For the crowds who drift by the exhibit, the evidence seems pretty firm. Here is Lucy—the famed Australopithecus afarensis—staring thoughtfully into the distance. Her back straight, her eyes nearly human.
But like many such displays, this Living World exhibit at the St. Louis Zoo went far beyond the fossils that have been studied. When we look at those, the picture we get of Lucy is much different.
Most people don’t realize that the case for a human-like Lucy mainly depends on fossilized footprints. These impressions found at Laetoli in Tanzania are indistinguishable from human footprints you’d find on a beach. So, how do we know they weren’t packed down by Homo sapiens? According to evolutionists, they’re much too old.
You see, rather than question their dating methods, evolutionists believe these “human-like” footprints must be from the time before humans. Since humans weren’t there (in their scheme of history), they need something else that could have done it. And that’s where Lucy comes in.
When Lucy was discovered in 1974, the team found only 47 out of 207 bones. However, most of her hands, feet, and skull were missing. But that didn’t stop evolutionists from parading Lucy around as the one who could have tromped across Africa—or from portraying her hands and feet as nearly human.
Since 1974, however, more bones have been recovered from other members of Lucy’s species. Her toes have been shown to curve like tree-dwelling apes; her shoulders have been found to be nearly identical to living great apes; her wrists resemble those of other knuckle-walking ape species; and her hands—far from being like human hands—are similar to those of chimpanzees. In other words, she was an ape—a tree-climbing, knuckle-walking, amazingly designed ape.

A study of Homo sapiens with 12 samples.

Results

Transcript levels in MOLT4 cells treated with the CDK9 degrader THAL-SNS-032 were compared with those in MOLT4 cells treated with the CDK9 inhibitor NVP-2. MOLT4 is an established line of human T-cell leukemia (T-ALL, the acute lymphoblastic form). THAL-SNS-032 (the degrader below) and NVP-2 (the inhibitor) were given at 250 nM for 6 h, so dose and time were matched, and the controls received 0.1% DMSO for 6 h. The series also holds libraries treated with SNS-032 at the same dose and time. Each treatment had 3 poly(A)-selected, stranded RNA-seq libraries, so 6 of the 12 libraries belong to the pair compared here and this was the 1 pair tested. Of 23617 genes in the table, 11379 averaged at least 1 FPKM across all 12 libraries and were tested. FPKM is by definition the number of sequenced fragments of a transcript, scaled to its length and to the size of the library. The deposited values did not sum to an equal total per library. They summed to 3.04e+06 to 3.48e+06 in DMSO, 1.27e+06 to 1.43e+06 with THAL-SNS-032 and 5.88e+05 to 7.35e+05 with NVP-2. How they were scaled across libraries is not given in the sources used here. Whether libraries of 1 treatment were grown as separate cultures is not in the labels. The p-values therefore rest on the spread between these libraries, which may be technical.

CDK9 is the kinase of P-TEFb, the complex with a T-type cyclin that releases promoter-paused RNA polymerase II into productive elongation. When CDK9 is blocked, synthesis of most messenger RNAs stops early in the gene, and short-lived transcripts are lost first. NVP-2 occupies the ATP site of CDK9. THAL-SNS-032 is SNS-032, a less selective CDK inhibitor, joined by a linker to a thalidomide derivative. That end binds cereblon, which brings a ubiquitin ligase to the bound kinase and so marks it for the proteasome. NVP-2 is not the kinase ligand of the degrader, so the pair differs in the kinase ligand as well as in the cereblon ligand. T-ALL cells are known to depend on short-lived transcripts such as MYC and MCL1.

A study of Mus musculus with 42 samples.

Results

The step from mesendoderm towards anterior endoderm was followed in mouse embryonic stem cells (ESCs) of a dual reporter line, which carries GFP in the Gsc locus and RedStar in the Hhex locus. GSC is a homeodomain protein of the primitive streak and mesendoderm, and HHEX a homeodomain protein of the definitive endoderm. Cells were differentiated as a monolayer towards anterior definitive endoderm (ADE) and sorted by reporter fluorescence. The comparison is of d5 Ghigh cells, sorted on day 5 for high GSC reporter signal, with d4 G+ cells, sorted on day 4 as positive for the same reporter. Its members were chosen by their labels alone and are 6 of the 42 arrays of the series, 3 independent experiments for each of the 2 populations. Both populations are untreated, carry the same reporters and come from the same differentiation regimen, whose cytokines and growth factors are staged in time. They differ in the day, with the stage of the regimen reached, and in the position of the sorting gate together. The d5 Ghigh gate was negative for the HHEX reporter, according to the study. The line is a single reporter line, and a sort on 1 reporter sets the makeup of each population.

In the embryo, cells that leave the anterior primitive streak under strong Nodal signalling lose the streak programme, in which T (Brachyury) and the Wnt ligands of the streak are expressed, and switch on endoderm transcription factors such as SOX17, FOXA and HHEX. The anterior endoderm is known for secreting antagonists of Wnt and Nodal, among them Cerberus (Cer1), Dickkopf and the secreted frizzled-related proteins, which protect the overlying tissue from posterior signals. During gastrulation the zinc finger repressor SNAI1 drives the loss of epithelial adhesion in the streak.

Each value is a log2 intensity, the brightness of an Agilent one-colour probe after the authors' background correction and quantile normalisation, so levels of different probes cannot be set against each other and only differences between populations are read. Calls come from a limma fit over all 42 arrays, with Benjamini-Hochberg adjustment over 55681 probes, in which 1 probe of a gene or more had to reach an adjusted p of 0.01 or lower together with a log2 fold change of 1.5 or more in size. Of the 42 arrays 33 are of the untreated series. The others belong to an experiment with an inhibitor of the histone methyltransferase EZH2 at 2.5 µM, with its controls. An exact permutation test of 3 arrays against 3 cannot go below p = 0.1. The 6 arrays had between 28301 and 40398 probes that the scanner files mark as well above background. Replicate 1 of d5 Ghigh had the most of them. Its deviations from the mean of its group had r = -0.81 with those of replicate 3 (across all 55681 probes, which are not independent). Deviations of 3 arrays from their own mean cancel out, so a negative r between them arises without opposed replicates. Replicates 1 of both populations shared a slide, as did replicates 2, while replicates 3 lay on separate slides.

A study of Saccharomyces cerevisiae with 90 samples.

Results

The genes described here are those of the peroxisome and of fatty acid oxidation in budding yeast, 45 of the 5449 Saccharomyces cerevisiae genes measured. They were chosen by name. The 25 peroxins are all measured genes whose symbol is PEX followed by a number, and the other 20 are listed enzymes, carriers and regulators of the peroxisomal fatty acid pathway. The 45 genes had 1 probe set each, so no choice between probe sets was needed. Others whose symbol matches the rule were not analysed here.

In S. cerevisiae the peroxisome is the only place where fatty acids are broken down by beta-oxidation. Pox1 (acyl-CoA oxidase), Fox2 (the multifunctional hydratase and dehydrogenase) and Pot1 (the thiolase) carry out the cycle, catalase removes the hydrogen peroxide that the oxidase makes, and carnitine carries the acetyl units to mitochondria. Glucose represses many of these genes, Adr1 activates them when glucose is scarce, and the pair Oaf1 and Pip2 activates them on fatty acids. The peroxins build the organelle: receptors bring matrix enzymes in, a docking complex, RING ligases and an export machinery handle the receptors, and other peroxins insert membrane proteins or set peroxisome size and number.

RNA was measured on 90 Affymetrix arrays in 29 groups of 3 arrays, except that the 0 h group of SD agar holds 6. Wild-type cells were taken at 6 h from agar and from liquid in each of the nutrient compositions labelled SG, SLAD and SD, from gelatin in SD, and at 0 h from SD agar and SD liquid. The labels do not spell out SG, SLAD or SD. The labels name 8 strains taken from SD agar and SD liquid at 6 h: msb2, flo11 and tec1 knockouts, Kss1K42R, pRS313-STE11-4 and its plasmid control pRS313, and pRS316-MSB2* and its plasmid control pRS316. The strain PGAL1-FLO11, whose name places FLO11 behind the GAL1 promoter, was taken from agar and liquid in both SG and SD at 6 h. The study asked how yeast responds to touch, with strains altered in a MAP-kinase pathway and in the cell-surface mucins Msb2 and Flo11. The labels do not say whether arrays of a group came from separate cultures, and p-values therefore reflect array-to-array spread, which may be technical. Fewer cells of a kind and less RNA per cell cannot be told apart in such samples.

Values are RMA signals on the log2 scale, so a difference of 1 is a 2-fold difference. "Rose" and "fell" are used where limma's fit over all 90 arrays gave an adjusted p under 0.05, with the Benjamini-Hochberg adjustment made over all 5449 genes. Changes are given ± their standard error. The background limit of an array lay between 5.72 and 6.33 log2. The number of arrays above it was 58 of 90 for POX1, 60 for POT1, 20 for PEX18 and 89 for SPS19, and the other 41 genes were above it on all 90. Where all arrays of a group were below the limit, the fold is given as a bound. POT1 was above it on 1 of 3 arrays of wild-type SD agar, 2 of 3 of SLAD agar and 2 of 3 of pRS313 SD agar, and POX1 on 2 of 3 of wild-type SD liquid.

Like most things in historical science, so much depends on the starting point. Evolutionists over-emphasize human characteristics in the fossils and produce reconstructions of Lucy that stretch (literally) what has been found. They believe evolution happened, and they build from there.
But if we start from the Bible—the historical record of the universe that God gave us—we get a different perspective. The Bible says that God created apes and humans as distinct kinds on Day Six of the Creation Week about 6,000 years ago. So, Lucy isn’t one of us—just as her fossils show. In fact, when we start from that perspective, we realize that Lucy likely appeared much more like a small gorilla—or perhaps a chimpanzee.
So, the next time you’re faced with a philosophical Lucy staring into the distance remember this lesson. You’re not looking into history; you’re looking into evolutionary interpretation.